How to Disclose Your Sexual Health & History With Your Partners

Sexual Health

Talking about your sexual health and history with a new partner (or potential partner) can be extremely awkward–but it is necessary. In a society where dating apps are commonplace and sex positivity is becoming the norm, it’s important to have the hard conversation before sliding between the sheets. Think of it this way, which scenario sounds more traumatizing: prioritizing the talk, or waking up in the morning with a surprise STD?

Here are few tips on how you can disclose your sexual health and STD testing history with your future partners, and helpful advice about how you can put your health first and foremost when venturing into this brave new world:

  1. Set the Tone

From the very start, let your partner know that this is a serious conversation and that you want them to be just as honest with you as you are being with them. Stay calm, even if you’re nervous about what you’re going to reveal about yourself, or if your partner reveals something you weren’t expecting. If you’re surprised or disappointed, don’t discourage your partner. Be there for them. It’s a difficult task to have, and you would expect the same courtesy.

Remember: It’s always better to be with someone who is honest and upfront about their past, than someone who is being too vague, or simply disinterested in having a serious conversation.

  1. Be Transparent

Don’t be afraid to put it all on the table. If you and your partner are comfortable talking about past relationships, how many partners you’ve each had, sexual preferences, etc., go for it. If one, or both of you, are not comfortable getting into specifics, choose together to keep the conversation strictly health-centered. Either way, by having this conversation sooner, rather than later, you’re both being responsible adults, and that’s what’s important.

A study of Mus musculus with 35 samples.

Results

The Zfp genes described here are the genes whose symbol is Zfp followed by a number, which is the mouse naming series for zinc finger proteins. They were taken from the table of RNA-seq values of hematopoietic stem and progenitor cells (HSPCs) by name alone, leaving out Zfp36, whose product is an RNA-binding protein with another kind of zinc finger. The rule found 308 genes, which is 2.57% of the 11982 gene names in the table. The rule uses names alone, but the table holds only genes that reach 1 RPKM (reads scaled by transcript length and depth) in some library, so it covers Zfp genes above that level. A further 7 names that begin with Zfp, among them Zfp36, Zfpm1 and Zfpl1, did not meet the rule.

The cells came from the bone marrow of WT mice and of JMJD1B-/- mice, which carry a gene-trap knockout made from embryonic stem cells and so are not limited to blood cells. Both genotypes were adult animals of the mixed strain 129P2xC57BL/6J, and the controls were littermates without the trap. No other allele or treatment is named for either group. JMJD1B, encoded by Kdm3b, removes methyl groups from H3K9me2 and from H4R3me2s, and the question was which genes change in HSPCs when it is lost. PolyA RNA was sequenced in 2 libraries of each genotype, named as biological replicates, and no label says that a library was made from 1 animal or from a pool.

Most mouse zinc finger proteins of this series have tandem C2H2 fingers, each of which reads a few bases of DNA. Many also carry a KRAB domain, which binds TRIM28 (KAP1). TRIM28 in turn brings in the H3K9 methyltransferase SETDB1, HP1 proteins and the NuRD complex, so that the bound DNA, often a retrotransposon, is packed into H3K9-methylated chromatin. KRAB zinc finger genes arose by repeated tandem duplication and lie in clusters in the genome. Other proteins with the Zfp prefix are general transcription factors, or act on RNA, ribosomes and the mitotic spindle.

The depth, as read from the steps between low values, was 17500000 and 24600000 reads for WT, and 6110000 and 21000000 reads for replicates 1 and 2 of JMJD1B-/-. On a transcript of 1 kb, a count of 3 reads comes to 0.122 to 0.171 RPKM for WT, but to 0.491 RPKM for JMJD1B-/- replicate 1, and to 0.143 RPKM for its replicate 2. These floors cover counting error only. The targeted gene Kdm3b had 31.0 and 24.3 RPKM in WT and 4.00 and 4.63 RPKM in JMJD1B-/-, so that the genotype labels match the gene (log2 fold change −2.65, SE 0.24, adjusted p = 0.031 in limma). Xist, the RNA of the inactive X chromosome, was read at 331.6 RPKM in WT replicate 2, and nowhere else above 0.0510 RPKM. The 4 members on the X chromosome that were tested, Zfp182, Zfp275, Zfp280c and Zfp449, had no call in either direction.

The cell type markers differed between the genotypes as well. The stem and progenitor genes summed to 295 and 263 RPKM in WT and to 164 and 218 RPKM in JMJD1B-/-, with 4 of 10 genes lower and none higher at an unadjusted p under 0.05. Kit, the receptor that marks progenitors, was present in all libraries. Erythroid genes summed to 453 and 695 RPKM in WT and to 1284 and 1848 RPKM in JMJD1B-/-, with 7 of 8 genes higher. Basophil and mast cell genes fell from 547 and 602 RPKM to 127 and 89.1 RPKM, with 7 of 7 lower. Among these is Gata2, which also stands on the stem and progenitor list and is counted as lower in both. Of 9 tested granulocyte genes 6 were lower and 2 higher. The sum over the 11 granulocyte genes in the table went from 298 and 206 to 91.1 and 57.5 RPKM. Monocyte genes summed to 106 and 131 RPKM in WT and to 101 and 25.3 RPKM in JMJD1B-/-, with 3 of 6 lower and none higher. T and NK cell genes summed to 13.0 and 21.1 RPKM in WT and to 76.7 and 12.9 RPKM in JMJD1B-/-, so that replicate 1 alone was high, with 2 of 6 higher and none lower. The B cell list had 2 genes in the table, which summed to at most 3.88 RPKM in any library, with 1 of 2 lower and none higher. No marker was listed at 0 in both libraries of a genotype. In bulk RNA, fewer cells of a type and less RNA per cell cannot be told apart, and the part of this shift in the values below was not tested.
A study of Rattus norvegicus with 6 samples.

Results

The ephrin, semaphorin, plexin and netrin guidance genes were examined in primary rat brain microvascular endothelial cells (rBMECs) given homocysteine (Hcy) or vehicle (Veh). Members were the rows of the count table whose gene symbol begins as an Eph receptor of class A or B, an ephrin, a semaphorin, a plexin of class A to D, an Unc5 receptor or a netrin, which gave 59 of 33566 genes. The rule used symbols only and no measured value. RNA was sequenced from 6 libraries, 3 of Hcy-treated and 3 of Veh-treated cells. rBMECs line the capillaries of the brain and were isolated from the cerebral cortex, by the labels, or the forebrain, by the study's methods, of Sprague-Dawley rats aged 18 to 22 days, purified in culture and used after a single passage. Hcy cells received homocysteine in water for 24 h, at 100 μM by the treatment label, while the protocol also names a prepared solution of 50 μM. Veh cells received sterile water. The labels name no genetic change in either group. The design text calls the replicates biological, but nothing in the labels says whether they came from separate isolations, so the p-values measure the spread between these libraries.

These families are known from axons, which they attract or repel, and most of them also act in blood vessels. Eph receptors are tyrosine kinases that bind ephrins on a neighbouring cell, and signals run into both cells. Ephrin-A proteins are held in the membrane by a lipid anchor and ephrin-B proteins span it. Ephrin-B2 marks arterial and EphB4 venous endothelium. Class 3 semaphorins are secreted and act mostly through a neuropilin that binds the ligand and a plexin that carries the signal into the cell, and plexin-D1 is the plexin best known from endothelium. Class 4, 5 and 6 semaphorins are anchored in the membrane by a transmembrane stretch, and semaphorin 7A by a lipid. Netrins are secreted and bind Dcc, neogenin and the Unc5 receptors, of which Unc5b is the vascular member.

If you’re nervous or ashamed about something from your past, don’t hide it. Swallow your fear and talk about it like adults. For instance, it’s always important to be honest about past and present STDs. Even if you had an STD a few years back and things have since cleared up, your new partner still has a right to know. An open conversation goes both ways, and if you expect honesty about your partner’s sexual health and history, you should be transparent about your own.

  1. Be Ready for Anything

You should never go into a conversation expecting to get a negative reaction out of your potential partner. However, you should always prepare yourself for multiple outcomes, just in case the conversation goes south.

Having the talk can stir up a number of painful feelings, from jealousy and hurt, to depression and embarrassment–and not just from your partner, but from yourself, as well. Talking about sex can be scary, especially when you’re having the conversation with someone you really care about. Be ready for anything, and remember to stay calm and encouraging.

  1. If They Respond Negatively, Take the High Road

When talking about your sexual health and history, there’s a chance that one of you will learn something you wish you hadn’t dug up–but in all honesty, it’s for the best. Having this talk is about staying safe, and finding out the truth about who you’re going to be spending your private time with.

You may find out your new beau had a fling with your best friend a few months back, or that your long-time partner cheated on you (remember, it’s important to communicate openly, not just at the beginning of a budding relationship, but throughout a long-term relationship as well). Some partners may even belittle you for what they find out, and while it will hurt in the moment, it’s best to weed those potentials out before getting serious.

  1. Get Screened

If you’re both still interested in moving forward, talk about getting screened. STD testing is extremely important in a new relationship, and it’s a way to prove that you’re committed to joint safety. If you’ve already been tested recently, talk to your partner about what you’ve been tested for, when your last screening took place, if you’ve had any hook-ups post screen, etc.

Be aware, however, that not all tests screen for everything–you have to specifically request certain tests from your doctor when you visit.

If you prefer that your partner gets screened again, or get tested for something specific, don’t be afraid to ask it of them. If they refuse to go the extra mile for your health and well-being (or even peace of mind!), they weren’t worth it anyway.